When to Feed Birds Perhaps the most frequently asked questions about feeding birds concern when to feed them. When should I start feeding? When should I stop so I donand#8217;t affect migration? Can I feed in the summer? Several issues must be considered.
People feed birds in order to enjoy them, so why not feed them all year long? As long as youand#8217;re willing to put in the time to maintain the feeding area and#151; supply food and water and keep the area clean and#151; you will be rewarded by birds using the site. You may not get the variety in the summer that youand#8217;ll see during migration or in the winter when there is more of a dependency on the feeder, but you may be rewarded with the antics of young birds being introduced to the site.
Birds can become dependent on feeders for supplemental food. It has been shown, however, that they do not rely on feeders for all of their food and perhaps not even a quarter of what they eat. That said, though, the feeder can be an important resource during times of duress. When severe snowstorms blanket wild food supplies, the birds will turn to the feeder they have come to know as a food resource. It is during these times of stress that the feeder plays its most vital role. Do not let them down at this point! If it is a storm of long duration, the feeding station may mean the difference of life for some of the more physiologically unprepared birds. The feeder helps many a bird through the hard times, so it is important to be faithful to your feeding once you start.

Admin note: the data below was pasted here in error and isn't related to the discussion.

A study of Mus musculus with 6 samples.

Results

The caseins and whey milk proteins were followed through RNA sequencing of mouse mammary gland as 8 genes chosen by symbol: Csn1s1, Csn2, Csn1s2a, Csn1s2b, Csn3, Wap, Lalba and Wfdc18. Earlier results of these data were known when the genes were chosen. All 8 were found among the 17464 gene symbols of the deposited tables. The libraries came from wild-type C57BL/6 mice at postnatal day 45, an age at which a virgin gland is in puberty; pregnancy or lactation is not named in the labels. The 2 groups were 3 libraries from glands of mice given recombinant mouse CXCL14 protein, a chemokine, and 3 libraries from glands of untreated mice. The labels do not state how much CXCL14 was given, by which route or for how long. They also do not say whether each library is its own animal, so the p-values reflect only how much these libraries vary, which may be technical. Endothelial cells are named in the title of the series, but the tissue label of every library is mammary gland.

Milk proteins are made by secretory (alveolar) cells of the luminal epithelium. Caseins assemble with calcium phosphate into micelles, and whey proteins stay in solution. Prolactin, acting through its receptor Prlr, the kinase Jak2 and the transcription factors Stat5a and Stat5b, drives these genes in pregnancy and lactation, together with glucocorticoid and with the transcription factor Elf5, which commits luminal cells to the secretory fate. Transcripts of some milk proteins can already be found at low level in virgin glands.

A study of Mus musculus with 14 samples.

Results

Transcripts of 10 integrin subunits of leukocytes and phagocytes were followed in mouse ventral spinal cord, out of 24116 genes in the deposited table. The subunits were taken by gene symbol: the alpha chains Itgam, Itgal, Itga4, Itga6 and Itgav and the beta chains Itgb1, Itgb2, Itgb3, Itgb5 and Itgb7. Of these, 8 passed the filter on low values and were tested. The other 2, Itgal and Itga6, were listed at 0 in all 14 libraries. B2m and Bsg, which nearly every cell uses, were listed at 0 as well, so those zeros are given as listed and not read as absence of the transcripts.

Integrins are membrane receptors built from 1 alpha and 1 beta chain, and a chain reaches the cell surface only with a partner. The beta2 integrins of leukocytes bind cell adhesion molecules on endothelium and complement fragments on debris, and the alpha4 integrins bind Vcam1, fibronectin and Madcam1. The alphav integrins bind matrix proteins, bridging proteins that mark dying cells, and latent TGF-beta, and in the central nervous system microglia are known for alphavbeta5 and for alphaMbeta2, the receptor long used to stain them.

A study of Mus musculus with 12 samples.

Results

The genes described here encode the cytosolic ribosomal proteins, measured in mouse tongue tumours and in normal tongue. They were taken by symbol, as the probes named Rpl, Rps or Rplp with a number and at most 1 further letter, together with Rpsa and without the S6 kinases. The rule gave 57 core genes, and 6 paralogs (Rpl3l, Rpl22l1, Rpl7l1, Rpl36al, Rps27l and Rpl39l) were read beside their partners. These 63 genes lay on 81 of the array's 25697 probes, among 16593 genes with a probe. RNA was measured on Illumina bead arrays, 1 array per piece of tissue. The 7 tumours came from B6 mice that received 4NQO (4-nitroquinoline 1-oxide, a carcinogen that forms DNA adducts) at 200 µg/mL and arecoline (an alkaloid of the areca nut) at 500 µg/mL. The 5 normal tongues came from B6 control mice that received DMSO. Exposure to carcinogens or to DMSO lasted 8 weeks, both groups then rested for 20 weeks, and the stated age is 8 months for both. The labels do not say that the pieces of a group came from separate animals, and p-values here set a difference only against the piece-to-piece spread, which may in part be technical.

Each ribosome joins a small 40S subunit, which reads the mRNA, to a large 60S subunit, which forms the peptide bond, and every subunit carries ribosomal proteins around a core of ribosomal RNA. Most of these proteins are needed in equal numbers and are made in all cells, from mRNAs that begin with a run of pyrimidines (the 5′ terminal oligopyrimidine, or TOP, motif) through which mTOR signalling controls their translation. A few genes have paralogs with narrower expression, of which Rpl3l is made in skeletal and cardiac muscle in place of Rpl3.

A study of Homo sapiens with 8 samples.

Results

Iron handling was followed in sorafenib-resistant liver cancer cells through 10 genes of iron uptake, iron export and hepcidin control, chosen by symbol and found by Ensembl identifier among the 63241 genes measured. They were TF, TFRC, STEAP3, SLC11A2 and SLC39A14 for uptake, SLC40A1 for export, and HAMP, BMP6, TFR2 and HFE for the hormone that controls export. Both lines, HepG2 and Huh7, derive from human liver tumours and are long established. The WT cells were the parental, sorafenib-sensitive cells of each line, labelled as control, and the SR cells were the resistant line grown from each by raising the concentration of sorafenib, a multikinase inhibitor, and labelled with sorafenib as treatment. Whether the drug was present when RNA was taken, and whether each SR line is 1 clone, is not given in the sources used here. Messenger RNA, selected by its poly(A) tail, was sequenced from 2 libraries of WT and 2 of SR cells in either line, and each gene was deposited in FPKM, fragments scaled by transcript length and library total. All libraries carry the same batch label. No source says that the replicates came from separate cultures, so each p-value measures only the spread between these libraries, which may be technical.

As for the question of affecting migration by holding the birds at the feeder so that they will not go north to breed or south for the winter, the answer is that birds are not controlled by food. Once the hormones for breeding begin to flow, they head north, and once the drive for migrating south takes hold, off they go, no matter how much food is available. If a species that normally does not stay for the summer or winter remains at the feeder, it is more than likely a young bird that does not have the proper hormonal impulse to migrate or an older bird that simply can no longer make extensive journeys. You are not affecting the breeding or migrant population of the birds of the United States by feeding.